Israel at center of international diplomatic storm as vatican, FIFA, EU step up pressure

ByLINDA GRADSTEIN/THE MEDIA LINE
May 17, 2015 06:57

The international interference could end up backfiring and encouraging Palestinians to stay away from the negotiating table.

3 minute read.



pope abbas

Pope Francis (R) meets PA President Mahmoud Abbas in Bethlehem May 25, 2014.. (photo credit:REUTERS)

The Palestinian decision to internationalize their conflict with Israel seems to be paying off as Israel is coming under diplomatic pressure on several fronts at the same time. The Vatican decision to recognize “Palestine” as a state, an expected French-sponsored resolution to the United Nations Security Council, and the possible expulsion of Israel from FIFA, the international soccer federation, are creating the sense that Israel is losing the diplomatic battle.

“There is a sense of erosion,” a senior Israeli official told The Media Line on condition of anonymity. “We see more and more countries and organizations buying into the unilateral logic of the Palestinians.”


“No matter how much the Palestinians obtain in declarations and international organizations it can’t replace negotiations,” he said. “Palestinians have given up on negotiations and we believe it’s a huge mistake.”

The latest decision by the Vatican to sign a treaty with the state of “Palestine”, concerning the Holy See’s activities in the Palestinian Authority, comes before a weekend meeting between the Pope and the President of the Palestinian Authority, Mahmoud Abbas. It is an important symbolic move by the leader of the world’s 1.2 billion Catholics. At the UN, the Vatican and "Palestine" are both considered non-member observer states. In a statement, PLO Executive Committee member Hanan Ashrawi welcomed the decision.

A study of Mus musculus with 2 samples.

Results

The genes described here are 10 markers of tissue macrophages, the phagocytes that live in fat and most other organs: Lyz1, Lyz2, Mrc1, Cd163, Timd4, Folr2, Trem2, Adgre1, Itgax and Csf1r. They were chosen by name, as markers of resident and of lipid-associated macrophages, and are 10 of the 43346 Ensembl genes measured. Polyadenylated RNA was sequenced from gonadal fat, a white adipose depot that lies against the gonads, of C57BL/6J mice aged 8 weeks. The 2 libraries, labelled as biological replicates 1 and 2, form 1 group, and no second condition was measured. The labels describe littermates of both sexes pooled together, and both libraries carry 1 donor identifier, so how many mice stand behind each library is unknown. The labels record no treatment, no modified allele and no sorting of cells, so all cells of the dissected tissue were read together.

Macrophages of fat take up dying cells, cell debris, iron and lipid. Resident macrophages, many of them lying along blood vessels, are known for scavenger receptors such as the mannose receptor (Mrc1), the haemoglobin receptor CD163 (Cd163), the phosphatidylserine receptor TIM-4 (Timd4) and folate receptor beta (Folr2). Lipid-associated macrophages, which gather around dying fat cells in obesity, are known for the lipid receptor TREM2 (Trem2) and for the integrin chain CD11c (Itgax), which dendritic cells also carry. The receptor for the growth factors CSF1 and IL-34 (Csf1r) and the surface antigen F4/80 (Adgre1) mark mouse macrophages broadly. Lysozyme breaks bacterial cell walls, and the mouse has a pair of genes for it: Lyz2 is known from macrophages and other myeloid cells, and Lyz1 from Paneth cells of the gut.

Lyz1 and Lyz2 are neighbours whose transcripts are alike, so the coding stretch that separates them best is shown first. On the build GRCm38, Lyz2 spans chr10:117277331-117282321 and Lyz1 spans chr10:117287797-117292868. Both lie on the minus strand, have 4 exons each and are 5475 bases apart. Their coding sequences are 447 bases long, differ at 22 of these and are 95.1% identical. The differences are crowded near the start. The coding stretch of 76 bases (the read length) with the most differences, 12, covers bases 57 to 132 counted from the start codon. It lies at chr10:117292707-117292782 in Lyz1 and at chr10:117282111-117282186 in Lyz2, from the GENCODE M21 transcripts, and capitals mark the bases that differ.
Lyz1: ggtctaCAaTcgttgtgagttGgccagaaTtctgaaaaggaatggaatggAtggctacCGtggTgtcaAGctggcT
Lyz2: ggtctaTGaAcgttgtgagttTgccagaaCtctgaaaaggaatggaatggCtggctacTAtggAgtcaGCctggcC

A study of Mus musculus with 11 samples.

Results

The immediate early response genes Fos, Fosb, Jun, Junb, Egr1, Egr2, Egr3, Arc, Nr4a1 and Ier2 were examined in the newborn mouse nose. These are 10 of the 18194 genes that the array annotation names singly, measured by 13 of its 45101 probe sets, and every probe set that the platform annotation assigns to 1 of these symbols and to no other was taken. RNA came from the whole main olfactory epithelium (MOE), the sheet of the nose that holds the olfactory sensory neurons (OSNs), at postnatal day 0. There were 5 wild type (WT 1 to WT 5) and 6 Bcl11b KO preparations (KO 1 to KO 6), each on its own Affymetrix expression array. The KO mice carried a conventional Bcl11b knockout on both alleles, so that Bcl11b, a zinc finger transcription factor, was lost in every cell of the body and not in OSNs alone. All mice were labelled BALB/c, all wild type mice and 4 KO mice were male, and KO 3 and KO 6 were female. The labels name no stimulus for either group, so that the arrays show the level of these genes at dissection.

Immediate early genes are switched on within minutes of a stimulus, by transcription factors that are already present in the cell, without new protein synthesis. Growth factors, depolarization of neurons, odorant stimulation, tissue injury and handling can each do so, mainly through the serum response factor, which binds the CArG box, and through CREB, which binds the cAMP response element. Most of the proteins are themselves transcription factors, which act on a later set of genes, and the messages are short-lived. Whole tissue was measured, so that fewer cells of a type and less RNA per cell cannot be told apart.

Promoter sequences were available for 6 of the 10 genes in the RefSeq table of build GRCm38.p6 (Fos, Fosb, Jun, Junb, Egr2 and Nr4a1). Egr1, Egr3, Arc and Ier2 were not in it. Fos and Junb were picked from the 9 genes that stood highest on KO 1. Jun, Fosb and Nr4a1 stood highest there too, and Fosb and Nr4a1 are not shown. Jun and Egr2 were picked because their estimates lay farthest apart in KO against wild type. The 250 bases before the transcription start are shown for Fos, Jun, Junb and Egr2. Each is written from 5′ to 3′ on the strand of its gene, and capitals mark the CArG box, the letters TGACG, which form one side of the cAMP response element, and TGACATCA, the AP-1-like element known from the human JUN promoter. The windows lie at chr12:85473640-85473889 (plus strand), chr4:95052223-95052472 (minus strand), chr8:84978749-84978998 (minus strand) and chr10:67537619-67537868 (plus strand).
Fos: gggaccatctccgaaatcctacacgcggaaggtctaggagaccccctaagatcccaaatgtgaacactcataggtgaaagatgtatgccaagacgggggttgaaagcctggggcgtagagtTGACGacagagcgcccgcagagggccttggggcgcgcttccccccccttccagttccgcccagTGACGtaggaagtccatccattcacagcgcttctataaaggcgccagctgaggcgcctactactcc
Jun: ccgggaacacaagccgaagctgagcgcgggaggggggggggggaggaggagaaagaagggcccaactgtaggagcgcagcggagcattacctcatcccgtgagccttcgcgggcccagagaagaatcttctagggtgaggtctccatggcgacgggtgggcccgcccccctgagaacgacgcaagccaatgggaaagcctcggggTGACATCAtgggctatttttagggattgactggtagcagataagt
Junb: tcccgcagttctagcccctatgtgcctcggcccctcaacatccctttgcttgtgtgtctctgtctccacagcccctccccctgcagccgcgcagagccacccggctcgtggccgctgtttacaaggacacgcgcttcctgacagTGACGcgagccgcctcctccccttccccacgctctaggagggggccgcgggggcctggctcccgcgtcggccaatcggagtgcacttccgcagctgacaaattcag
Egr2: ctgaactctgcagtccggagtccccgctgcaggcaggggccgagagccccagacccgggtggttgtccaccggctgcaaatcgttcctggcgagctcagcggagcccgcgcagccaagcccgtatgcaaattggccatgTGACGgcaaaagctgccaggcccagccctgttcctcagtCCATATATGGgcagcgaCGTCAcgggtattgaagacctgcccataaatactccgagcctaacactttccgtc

“The significance of this decision goes beyond the political and legal into the symbolic and moral domains and sends a message to all people of conscience that the Palestinian people deserve the right to self-determination, formal recognition, freedom, and statehood,” she said in a statement.

Some Israeli analysts said the move by the Vatican, while purely symbolic, was nevertheless important.

“It’s a big deal because the Pope is the spiritual leader of hundreds of millions of Christians,” Eytan Gilboa of the Begin-Sadat Center for Strategic Studies at Bar Ilan University told The Media Line. “Christians are being murdered all over the Middle East but what is important for him is the particular recognition of Palestine.”

But others said that Israel should be more concerned about its relationship with the US, then with the Vatican.

“This has basically been Vatican policy all along,” Amiel Ungar, an Israeli commentator. “The big enchilada is how much the Obama administration is behind the European moves.”

France is expected to soon present a new resolution to the UN Security Council to recognize a Palestinian state. In the past, the US has vetoed all such resolutions, but after the election of Prime Minister Benjamin Netanyahu, the US has said it will “reassess” that decision.

The guidelines of Netanyahu’s new government does not include any mention of a Palestinian state, a change from the previous government. A group of former European leaders and diplomats has called for more pressure on Israel, and charges that EU political and financial aid has achieved nothing but the “preservation of the Israeli occupation of the West Bank and imprisonment of Gaza.”

At the same time, the Palestinians have been campaigning in FIFA, the international football federation, to suspend Israel’s membership or to level sanctions on Israel for limiting the free movement of Palestinian soccer players and refusing them permission to travel abroad. The 200 national leagues in FIFA are expected to vote on the resolution in the coming weeks.

All of this is expected to lead to growing international pressure on Israel, but it could also end up backfiring and encouraging Palestinians to stay away from the negotiating table.

“Israel has only three cards it can use with the Palestinians – giving up territory, international recognition, and the release of Palestinian prisoners,” Eytan Gilboa said. “But if they get the recognition without any negotiations, what motivation do they have to negotiate with Israel?”